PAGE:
Out for a Walk
Published (updated: ) in letters from near and far, rwanda.
The day started like a missed connection.
We’d met in passing the night before. She was in from Sweden on a work trip but soon to be fun trip, and I’m here from Los Angeles on a fun trip which happens to include work. The next morning, we ran into each other at the poolside bar. We talked about plans (I had none) and agreed to meet there again in 45 minutes to go exploring.
Then I remembered I didn’t have any local money. Figuring I could make it to the bank and back in time for our rendezvous, I grabbed my remaining dollars and went to an ATM. The ATM was out of order. Then I went to a bank, and spent twenty minutes on a series of couches, trying to understand the line, or lack thereof, of people sitting head down looking at their phones before popping up and intercepting a bank teller. Then I found a foreign exchange bureau, well after my 45 minutes had expired. I started the walk back, annoyed at myself.
Then, on the main street, in front of the president’s house, we ran into each other again.
Turns out, she didn’t have money, either. It seems excellent travelers think alike. I used my newfound expertise, we squared away our situations, and then we each hopped onto the back of a motorcycle taxi despite explicit warnings against this sort of thing. I gave my driver a hug around the midsection, which elicited a grunt, before adjusting and grabbing the rails on the back. We put on our helmets and we left for the market. On the ride over, we saw buildings with the scaffolding still exposed, moto taxi passengers playing on their phones and holding groceries and kids, and Kigali.
Then we walked into the market.
We walked around the food stalls, past the cuts of beef hanging in open air, past the tree tomatoes stacked in rows ten and twenty high, past the musty potato aisle, past the new handsaws and keys and technicolor buckets, past the woven baskets and fabric (so much fabric) and the men inquiring about custom shirts and ties and suits.
We bumped into a hotel guest I’d previously met, and she asked if I liked the blue fabric she’d selected. When I didn’t respond positively, she asked if I might like it as a Hawaiian shirt. I balked again, and she said I should imagine I were five inches taller and fifty pounds heavier and that I did in fact like Hawaiian shirts. We walked past her, too.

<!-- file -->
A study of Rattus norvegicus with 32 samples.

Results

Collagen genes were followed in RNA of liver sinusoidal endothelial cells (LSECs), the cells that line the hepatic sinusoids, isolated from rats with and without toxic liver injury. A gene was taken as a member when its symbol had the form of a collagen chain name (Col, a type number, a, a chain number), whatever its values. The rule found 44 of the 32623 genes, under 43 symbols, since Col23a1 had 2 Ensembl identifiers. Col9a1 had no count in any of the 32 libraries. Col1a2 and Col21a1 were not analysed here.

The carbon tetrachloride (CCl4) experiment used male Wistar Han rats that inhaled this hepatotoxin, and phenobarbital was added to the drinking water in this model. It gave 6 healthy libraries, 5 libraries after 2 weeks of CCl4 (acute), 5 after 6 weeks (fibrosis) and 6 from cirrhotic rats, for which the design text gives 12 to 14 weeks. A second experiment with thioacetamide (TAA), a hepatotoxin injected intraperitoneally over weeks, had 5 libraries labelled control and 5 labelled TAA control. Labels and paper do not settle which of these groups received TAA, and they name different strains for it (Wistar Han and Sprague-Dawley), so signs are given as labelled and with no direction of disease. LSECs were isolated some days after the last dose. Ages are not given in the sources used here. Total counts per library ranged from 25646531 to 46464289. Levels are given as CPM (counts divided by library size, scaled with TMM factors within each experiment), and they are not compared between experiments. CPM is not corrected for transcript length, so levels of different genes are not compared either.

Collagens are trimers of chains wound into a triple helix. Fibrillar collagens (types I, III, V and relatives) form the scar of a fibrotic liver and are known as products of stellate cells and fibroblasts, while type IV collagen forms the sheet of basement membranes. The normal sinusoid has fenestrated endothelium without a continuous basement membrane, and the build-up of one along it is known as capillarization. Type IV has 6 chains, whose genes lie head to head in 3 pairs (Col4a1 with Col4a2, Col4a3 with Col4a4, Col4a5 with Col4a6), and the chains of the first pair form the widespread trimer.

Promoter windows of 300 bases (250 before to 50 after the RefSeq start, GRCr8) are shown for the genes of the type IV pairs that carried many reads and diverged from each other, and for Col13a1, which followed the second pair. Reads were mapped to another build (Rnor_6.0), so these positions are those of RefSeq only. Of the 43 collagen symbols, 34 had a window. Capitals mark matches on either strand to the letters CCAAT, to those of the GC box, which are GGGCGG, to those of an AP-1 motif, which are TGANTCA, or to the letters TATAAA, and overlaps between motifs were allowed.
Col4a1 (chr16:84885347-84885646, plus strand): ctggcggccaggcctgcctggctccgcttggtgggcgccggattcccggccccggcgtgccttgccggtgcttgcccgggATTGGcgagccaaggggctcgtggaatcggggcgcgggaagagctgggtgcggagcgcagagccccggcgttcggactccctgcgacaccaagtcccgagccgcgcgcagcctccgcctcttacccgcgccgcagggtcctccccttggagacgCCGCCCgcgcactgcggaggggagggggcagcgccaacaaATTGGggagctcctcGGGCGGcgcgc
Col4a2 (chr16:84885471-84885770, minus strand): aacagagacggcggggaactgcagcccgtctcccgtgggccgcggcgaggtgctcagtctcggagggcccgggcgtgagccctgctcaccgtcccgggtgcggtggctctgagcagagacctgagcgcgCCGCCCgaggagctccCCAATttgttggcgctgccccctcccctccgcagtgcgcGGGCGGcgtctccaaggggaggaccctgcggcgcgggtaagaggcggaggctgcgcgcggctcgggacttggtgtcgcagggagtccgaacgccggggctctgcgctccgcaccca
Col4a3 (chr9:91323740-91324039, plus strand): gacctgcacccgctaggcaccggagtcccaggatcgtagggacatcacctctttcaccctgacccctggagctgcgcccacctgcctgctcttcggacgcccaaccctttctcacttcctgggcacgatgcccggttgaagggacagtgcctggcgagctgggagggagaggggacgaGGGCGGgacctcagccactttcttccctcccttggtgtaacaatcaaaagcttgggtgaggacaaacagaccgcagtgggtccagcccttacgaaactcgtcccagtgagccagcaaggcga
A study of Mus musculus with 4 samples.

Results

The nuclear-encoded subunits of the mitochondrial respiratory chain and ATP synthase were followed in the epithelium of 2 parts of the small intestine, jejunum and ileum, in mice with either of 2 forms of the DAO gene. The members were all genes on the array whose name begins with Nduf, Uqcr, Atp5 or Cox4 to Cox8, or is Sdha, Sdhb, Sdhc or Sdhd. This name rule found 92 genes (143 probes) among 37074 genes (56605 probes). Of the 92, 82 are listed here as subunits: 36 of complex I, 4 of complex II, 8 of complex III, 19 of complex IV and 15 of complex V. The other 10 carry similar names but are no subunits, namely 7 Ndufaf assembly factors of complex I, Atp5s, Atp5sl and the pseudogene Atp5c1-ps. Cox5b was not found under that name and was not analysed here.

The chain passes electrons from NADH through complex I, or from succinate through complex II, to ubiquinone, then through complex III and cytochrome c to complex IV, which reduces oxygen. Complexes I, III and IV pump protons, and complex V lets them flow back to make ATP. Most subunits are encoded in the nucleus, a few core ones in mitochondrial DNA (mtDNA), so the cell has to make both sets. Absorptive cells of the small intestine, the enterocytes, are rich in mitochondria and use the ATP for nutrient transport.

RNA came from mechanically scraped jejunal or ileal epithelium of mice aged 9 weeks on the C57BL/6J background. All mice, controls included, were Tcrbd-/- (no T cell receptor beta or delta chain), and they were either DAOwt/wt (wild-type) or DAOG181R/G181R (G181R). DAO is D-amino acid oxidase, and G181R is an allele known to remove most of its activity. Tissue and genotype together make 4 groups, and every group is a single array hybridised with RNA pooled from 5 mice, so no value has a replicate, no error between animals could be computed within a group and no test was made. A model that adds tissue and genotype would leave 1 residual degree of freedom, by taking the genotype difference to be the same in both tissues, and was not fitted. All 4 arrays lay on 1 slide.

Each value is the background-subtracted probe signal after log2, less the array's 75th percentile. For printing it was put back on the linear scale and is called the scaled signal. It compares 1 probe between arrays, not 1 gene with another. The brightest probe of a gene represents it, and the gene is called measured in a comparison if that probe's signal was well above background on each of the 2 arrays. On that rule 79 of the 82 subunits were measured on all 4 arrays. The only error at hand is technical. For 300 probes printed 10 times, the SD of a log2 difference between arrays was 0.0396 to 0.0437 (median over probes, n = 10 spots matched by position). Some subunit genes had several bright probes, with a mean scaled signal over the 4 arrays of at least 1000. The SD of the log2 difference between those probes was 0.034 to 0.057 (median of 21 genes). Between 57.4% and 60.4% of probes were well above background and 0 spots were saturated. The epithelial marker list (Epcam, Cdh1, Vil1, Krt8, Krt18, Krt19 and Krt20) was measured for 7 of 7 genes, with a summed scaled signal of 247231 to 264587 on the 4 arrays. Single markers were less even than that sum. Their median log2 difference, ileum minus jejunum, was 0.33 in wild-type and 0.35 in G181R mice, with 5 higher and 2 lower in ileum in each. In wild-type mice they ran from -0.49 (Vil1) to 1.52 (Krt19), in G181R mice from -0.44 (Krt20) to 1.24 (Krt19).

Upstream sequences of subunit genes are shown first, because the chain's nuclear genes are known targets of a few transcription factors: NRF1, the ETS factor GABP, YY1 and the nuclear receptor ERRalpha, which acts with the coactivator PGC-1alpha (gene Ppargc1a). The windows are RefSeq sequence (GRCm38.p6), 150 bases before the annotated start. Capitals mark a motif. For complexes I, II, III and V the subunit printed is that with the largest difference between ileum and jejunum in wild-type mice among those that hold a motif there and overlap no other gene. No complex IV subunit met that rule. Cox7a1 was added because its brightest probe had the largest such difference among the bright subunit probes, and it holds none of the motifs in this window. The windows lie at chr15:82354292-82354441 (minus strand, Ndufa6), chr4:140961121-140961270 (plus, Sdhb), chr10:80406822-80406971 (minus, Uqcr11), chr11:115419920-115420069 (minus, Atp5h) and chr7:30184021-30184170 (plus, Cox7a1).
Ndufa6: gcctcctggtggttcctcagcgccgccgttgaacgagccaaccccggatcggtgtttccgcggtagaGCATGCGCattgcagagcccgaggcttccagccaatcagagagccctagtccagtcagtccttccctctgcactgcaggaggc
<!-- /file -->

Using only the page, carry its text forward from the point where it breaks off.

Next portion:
Then we walked to find snacks to help the anti-malarials go down. Motorcycles abound here, and while not quite in Bangkokian levels, they keep you alert. Cars pull in and out of narrow storefront parking stalls, attracting soft honks from motos that need to make themselves known. We wander about, and away. Soon the market which had loomed so big and had been the object of our day was but a murmur behind us.
We kept walking. With an energy drink called Energy Drink in my hand, and a jar of local peanut butter in my backpack, I was ready for a walk, though at that point we hadn’t made any formal decision to walk all the way back, or even toward a destination along the way. We just walked.
While we walked, we talked. About mental health, and past relationships, and talk shows, and confidence, and iced lattes. We walked past a young couple staging a photo shoot, where they had been taking photos hours before when we rode by. We talked about the electoral college. We walked by the Rwandan answer to Chipotle, to a mall that was an hour and a world away from the teetering, bursting fullness of the market — polished, with gelato, metal detectors, and kids playing a video game version of the World Cup.
As we left the mall, we addressed our situation. We were both of the mind that the best way to keep seeing this city was to walk, so we walked. This time down quieter streets, with kids who said hi, and with views of hills more green than the ones before, and on roads made up of sun-soaked and shaded cobble stones.
I have felt more at ease in conversation here. I don’t think it’s borne out of a confidence in why I’m here, in the way that I feel comfortable speaking at work because it’s backed by the idea that I am a person who has been employed for a little bit, and so must know a little bit about what he’s doing.
Here, I have no moorings. What I set out to do, I’m not really doing. I am doing a lot, but I’m not the best at it. So, while the confidence I expected to come from covering my hands in flour is not there, there is some ease. I remember feeling this way in Haiti (a connection to hectic motorcycle taxi rides, perhaps), a looseness about myself, and the country, and the international community I found myself in for a night. Meanwhile, at parties at home, in the language I speak, at the dinners I host, I can stumble and slip into familiar insecurities. Here, in these hours, and over those kilometers, there was comfort.
As the sun set, we turned the corner and found ourselves back on our street. With barely a goodbye, we parted ways. I sat in my room, sweaty and not-too-sunburnt.
I feel stripped down not being in the life I’ve built for myself, without the job and family and friends at arm’s reach, the projects on my desk and the books on my nightstand. Here, I am only the decisions I make in a day. On this day, I was open and ready for an opportunity, and the unexpected heights of a meandering conversation and walk continue to delight me.
Being the decisions I make in a day, instead of the ones I had laid out weeks (friend plans!) and months (travel!) and years (career!) in advance also leaves me open to lows without the safety net of stability. I’ve felt those lows here, too.
But for a day with no plans, what a day.